Many of the same considerations that you would give any storage device should be applied to the acquisition of a network-attached storage (NAS) device, and a good capacity plan should be at the top of the list.
The planning process is probably the most difficult but most important task when considering the purchase of additional capacity for any storage device. Fundamentally, capacity planning for the current year is based on the historic growth rate and change rate over time. This is then extrapolated over time to predict future required capacity. Your NAS vendor can help you with native tools to gather the necessary statistics to determine the change rate and track your growth.
Along with factors that will multiply your capacity requirements, such as replication to another device or capacity needed for disaster recovery, remember to take into consideration factors that will decrease your requirements, such as data classification or data profiling exercises. In some cases, this may eliminate up to 70 percent of the stored and backed up data by identifying it as either redundant or non-business data, e.g., MP3 files. Analyzing the data first can reduce the cost of the buy and usually streamlines the data management process.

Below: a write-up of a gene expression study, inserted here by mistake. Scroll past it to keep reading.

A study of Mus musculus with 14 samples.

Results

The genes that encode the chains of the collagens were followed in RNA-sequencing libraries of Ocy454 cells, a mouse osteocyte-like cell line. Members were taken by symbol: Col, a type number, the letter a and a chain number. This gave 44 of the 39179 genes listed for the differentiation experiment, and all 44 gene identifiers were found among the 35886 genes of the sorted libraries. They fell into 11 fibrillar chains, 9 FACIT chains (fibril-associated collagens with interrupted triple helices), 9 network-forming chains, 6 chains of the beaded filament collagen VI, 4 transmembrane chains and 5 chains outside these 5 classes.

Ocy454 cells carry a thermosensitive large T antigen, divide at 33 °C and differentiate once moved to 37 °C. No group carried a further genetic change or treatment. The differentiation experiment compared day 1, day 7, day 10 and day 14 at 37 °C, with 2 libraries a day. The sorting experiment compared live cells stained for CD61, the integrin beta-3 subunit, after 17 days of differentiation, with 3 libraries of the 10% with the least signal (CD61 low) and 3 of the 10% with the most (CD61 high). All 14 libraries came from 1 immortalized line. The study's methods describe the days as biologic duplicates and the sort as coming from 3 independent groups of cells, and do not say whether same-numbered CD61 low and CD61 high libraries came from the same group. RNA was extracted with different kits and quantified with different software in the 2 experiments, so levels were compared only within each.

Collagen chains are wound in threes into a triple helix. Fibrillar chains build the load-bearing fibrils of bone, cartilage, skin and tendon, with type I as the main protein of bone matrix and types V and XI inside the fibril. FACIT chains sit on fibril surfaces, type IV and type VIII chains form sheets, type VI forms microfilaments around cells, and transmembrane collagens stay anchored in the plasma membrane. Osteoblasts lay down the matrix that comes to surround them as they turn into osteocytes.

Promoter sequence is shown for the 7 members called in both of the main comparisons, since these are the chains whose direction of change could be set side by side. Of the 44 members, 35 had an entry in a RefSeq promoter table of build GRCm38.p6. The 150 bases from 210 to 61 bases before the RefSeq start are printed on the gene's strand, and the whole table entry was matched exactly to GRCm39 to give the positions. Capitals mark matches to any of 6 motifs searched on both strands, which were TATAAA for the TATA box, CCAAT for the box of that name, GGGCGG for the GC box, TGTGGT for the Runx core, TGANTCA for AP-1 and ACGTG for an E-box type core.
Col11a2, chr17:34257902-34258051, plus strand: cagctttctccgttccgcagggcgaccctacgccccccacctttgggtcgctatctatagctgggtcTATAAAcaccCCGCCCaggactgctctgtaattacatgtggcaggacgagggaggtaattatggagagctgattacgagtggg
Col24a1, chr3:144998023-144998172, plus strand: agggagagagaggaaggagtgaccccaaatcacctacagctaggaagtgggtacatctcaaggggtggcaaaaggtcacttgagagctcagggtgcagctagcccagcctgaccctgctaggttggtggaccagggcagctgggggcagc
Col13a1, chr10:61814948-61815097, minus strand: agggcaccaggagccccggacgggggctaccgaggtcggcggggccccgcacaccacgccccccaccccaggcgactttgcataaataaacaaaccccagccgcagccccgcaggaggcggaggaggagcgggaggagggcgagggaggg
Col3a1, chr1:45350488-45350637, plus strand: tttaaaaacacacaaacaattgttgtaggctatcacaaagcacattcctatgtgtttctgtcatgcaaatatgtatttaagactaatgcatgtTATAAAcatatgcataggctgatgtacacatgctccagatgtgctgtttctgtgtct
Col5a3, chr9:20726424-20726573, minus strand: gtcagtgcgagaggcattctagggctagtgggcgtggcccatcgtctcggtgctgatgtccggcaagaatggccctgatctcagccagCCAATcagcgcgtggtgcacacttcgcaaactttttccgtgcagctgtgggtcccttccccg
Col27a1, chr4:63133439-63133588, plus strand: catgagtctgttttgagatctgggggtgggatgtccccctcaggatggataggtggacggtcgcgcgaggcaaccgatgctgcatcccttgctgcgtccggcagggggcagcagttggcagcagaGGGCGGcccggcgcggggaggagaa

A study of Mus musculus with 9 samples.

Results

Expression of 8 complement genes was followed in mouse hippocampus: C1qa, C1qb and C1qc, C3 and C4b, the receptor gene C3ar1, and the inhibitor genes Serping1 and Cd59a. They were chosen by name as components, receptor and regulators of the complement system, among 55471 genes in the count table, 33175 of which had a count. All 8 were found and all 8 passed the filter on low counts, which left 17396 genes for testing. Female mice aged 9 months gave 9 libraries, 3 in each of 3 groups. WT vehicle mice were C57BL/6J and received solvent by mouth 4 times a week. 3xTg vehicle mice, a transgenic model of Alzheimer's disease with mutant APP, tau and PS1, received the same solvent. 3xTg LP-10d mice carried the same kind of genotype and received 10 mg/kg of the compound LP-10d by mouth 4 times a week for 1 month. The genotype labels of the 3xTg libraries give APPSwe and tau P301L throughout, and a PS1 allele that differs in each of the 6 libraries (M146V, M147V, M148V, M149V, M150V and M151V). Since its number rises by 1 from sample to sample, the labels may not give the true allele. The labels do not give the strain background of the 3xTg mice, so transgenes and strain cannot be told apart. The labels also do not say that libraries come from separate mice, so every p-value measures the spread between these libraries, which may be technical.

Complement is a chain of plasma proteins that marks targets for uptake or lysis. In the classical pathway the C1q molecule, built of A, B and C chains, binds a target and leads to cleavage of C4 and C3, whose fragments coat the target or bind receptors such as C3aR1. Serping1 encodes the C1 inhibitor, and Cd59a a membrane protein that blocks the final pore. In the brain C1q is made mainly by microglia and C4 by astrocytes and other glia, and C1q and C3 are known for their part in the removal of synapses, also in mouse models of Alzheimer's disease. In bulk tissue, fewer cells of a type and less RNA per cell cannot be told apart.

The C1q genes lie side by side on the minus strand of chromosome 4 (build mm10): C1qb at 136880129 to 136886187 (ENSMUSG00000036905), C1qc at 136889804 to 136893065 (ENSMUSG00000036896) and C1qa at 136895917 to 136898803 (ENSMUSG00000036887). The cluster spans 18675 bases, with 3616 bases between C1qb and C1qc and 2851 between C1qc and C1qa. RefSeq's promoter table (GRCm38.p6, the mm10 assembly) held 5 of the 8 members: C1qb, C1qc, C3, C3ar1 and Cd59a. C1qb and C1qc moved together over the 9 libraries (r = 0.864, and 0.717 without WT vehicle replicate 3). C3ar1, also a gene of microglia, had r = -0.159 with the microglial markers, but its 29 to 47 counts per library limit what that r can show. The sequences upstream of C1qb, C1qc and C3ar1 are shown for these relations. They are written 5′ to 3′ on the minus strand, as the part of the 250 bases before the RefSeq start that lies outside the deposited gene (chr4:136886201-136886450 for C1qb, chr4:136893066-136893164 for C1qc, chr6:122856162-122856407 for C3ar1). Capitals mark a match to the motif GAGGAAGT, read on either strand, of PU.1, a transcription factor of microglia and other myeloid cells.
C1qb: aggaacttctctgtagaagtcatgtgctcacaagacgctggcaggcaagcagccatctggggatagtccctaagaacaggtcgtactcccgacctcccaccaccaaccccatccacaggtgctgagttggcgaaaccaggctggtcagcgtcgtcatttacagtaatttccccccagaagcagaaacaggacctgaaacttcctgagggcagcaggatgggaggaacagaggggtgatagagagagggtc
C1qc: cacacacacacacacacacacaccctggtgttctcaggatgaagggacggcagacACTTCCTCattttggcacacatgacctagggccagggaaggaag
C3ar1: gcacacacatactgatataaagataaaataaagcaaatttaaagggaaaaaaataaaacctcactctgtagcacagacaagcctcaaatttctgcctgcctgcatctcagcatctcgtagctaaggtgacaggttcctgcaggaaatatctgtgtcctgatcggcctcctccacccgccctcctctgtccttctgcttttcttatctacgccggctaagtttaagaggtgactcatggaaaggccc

Outside of the capacity-planning discussion from above, there are several differences when storing data in a NAS device instead of a direct attached storage device that utilizes iSCSI or FCP. It is important to understand and accommodate for the various overheads. The first overhead is the RAID, which varies from 5 percent to 20 percent. From this, there can be an additional 10 percent overhead for the file system for housekeeping activities.
Also, it is important to understand how much data will be locked within the snapshot. A snapshot is essentially used for recording a moment in time. Some vendors simply write duplicate data to a separate area, while others manipulate a pointer at the block level to point to the live data, thus requiring less disk.